As soon as I heard the late history professor and disability rights advocate Paul K. Longmore was writing a book about telethons, I got excited. As someone with spinal muscular activity, the annual Jerry Lewis MDA Telethon on Labor Day was a big deal. When I was younger, I was excited to be on my local TV broadcast, telling stories about MDA camp and friends with neuromuscular disorders. In my mid-teen years, I began to hate what the Telethon stood for – pity, exploitation, and fearmongering. Longmore’s book, Telethons: Spectacle, Disability, and the Business of Charity summed up all my feelings and introduced me to some new revelations.
Longmore’s impeccable research focuses on four major American telethons: the United Cerebral Palsy Association (UCP), the Arthritis Foundation, the National Easter Seals Society, and the Muscular Dystrophy Association (MDA). The UCP was the first charity to begin a multi-hour fundraising program for disabled beneficiaries in 1950. However, the MDA created the “modern” telethon, reaching 100 million viewers at its pinnacle.
Of course, telethons are now generally viewed as relics. Their decline began in the 1980s, when more of the television audience demanded regular overnight programming. Moreover, the Federal Communications Commission under the Reagan administration deregulated the requirement that local television stations provide community service programming. As such, stations began requiring that the charities sponsoring telethons pay akin to what stations were losing in preemptions and other revenue. Longmore states that the price was sometimes more than $250,000 per hour! (No wonder the MDA recently decided to terminate its telethon programming.)
Interestingly, the decision to nix the telethon drew great criticism from not only some beneficiaries, but also many donors. Longmore writes that telethons “democratized giving.”
No longer relying mainly on a social elite’s sense of noblesse oblige, it mobilized mass publics and sought to instill in them the habit of giving. In reaching the public through the mass media, charity fundraising reflected and reinforced the interpersonal disconnectedness of modern life as it widened the social distance between givers and receivers.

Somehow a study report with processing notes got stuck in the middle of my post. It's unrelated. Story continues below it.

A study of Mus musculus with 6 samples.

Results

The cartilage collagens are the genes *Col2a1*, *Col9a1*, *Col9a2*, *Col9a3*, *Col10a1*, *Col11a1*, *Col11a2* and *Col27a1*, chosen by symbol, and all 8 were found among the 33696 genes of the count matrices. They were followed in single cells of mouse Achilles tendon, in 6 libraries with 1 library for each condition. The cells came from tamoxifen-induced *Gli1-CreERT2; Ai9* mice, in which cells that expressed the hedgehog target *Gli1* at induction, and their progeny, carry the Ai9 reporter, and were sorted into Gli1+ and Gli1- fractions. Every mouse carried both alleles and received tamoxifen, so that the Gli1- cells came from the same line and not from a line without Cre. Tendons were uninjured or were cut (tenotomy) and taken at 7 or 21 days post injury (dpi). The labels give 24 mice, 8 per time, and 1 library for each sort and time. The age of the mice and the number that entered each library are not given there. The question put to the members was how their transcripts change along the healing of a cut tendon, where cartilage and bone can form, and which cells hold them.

Indeed, Longmore documents the specific role that each participant played – sometimes gleefully, sometimes unwittingly.
Until reading Telethons, I was unaware of the benefits corporate sponsors received by issuing donations to telethons. Obviously, their appearance helped generate goodwill for the companies and their management officials. But asking viewers to purchase a product in order for a portion of the purchase price to go to a particular charity boosted corporate revenue immensely. For example, by offering a charitable donation, American Express increased credit card donations by one-third and yielded $17 million! Known as “cause-related marketing,” corporate public relations officials bolstered profit. Need more proof? “Former executives at two of the charities confidentially disclosed that their telethons lasted as long as they did only at the corporate sponsors’ insistence.”
Donors benefited from their ability to engage in “conspicuous contribution.” They could pick up the telephone, throw a few dollars at a problem, and have the whole world know they did a good thing. Whether having their name posted on the Star Board or sharing photos of themselves locked up in a faux fundraising prison, donors enjoyed the gratification of public praise. Longmore also suggests that some donors of a conservative bent may have preferred charity models of healthcare to government-sponsored healthcare, meaning that, by donating, they could keep socialist reforms at bay.
And, certainly, poster children played their part as well. Easter Seals trained local offices that “children raised more money than adults. Donors “sympathized with images of ‘the most weak.'” (It should be noted that, at least as far as Lewis was concerned, poster children couldn’t be too weak – “he says he doesn’t want to bend over a wheelchair to raise a buck.”) Couched in the “narrative techniques, character, and plot devices used in sentimental literature and Victorian fiction, [telethons used poster children in] combining three standard sentimental devices: unmerited affliction through illness or accident, the suffering of children, and emotional excess.”
In addition to this basic overview, the book offers far more insight. Readers will learn about how Lewis enforced patriarchal culture by branding his “Kids,” how Jerry’s Orphans fought back in an effort to regain stolen dignity, and how the medical model persisted throughout charitable engagement. With my weak SMA-“afflicted” thumbs, I give this book two thumbs up!